It actually depends on age. Base on your story, I assume that you are nearing presbyopia. The decision on when and how much to correct depends a lot on each individual needs. I would prefer to discuss with you in detail on this. However, in general, I would correct patients who does not have existing presbyopia fully, ie eliminate their myopia and astigmatism. These patients tend to prefer good vision in both eyes as they have not experienced the inconvenience of presbyopia yet. However, this means that they will require reading glasses when their presbyopia sets in, just like a normal person.
LASIK cannot treat presbyopia fully. I would consider performing monovision LASIK for my patients who are both myopic and presbyopic. Basically, this means that we leave one eye slightly myopic. As everyone uses both eyes to see, they will be able to see distance objects well with the fully corrected eye and near objects with the slightly myopic eye. However, not everybody likes monovision, as such I will examine these patients in detail and even test to see if they like monovision.
In your case, if you are indeed nearing 40 years old (ie presbyopic age) we can consider a trial of monovision to see if you are suitable. In which case, if we can perform monovision LASIK on you, we may be able to treat your myopia, astigmatism and at the same time, delay the onset of presbyopia. But it would really help if I can examine and discuss the pros and cons of monovision LASIK with you. Performing LASIK now or later does not affect the surgical outcome.
As for your friend with bloodshot eyes, I suspect she underwent bladeless LASIK using the Intralase femtosecond laser platform. This is an older platform which needs to apply pressure on the sclera of the eye (ie the white part of the eye) during the LASIK procedure. As such, sometimes, this results in the rupture of fine blood vessels there, leading to subconjunctival haemorrhage (ie bleeding at the white part of the eye). Currently, there are newer lasers which do not apply pressure on the sclera and thus, do not cause such unsightly side effects. I usually use the newer Visumax femtosecond platform which does not cause this problem.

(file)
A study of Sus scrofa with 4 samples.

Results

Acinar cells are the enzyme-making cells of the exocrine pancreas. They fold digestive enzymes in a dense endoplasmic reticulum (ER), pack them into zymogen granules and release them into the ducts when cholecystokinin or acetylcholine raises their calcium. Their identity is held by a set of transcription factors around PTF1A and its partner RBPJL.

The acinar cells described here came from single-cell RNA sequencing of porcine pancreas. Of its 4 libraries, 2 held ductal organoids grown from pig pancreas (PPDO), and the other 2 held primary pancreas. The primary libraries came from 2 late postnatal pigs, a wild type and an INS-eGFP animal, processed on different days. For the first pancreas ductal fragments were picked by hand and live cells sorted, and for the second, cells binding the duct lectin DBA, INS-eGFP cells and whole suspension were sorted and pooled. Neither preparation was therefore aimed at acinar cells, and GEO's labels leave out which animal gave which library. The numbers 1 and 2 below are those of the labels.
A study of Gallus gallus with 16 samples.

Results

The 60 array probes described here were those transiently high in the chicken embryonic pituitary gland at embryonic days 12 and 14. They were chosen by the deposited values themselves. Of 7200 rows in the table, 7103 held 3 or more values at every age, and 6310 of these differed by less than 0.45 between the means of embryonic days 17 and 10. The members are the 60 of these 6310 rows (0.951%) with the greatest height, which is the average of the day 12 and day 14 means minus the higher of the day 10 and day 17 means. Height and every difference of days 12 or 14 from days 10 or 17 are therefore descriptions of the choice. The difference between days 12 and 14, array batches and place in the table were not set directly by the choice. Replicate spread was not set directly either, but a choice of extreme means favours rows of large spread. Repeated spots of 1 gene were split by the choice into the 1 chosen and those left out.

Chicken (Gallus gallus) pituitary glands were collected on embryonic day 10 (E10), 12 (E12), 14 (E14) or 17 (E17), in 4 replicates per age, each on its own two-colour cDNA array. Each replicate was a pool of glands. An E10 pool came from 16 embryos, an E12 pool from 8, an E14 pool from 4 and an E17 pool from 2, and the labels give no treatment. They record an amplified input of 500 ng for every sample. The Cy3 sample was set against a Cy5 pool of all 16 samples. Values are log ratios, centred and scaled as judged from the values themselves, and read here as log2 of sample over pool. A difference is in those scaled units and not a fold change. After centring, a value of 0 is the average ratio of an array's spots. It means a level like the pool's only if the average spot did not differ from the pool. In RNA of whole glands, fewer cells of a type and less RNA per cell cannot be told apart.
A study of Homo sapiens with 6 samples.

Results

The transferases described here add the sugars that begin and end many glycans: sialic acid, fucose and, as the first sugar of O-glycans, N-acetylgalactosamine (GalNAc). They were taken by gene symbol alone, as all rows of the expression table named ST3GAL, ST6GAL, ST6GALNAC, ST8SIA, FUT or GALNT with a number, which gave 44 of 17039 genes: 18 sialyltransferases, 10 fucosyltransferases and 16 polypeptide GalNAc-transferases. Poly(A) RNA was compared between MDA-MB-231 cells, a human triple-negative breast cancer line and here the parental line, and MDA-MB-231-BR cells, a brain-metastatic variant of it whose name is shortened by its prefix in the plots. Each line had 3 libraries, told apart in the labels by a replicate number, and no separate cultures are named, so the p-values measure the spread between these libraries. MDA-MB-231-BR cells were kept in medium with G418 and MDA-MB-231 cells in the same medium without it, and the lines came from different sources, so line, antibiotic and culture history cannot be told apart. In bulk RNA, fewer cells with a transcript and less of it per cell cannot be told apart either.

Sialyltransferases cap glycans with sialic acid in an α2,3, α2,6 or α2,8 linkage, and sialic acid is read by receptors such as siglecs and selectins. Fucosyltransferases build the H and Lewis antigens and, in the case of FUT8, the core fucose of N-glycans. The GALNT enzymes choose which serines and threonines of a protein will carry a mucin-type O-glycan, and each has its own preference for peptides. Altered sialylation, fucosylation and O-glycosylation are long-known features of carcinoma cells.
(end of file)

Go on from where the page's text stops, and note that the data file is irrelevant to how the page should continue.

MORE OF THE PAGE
Yes, we will need to assess each potential LASIK patient thoroughly. We have to ensure that the patient has sufficient corneal thickness and that their corneas are normal before performing LASIK.
During LASIK, we will use a small instrument to help the patient keep their eyes open. So, even if the patient has a tendency to blink, his/her eyes will still be open during surgery. I have not had any patients who were able to close eyes during LASIK. Furthermore, the actual laser procedure is usually less than 30 seconds and most patients are able to control their blinking tendency for this short period of time.
You are most welcome. Most patients will experience some degree of discomfort after LASIK, usually lasting 4 hours. Most patients tend to have difficulty keeping their eyes open during this period and may tear excessively. Some patients will feel some irritation in their eye, something like feeling that there is an eyelash in their eyes. Very few complain of pain which affects them greatly. In general, after 4 hours, most patients are very comfortable and are able to do most normal activities.
Post-surgery blood shot eyes used to be the norm with the older femtosecond laser machines. However, this is no longer the case. Femtosecond lasers are needed to perform bladeless LASIK. Blood shot eyes are the result of the use of older femtosecond laser platforms which needs to apply pressure on the sclera of the eye (ie the white part of the eye) during LASIK procedure. As such, sometimes, this results in the rupture of fine blood vessels there, leading to subconjunctival haemorrhage (ie bleeding at the white part of the eye). Currently, there are newer lasers which do not apply pressure on the sclera and thus, do not cause such unsightly side effects. I usually use the newer Visumax femtosecond platform which does not cause this problem. Thus, the occurrence of bloodshot eye may depend on where a person undergoes LASIK and the femtosecond laser platform used.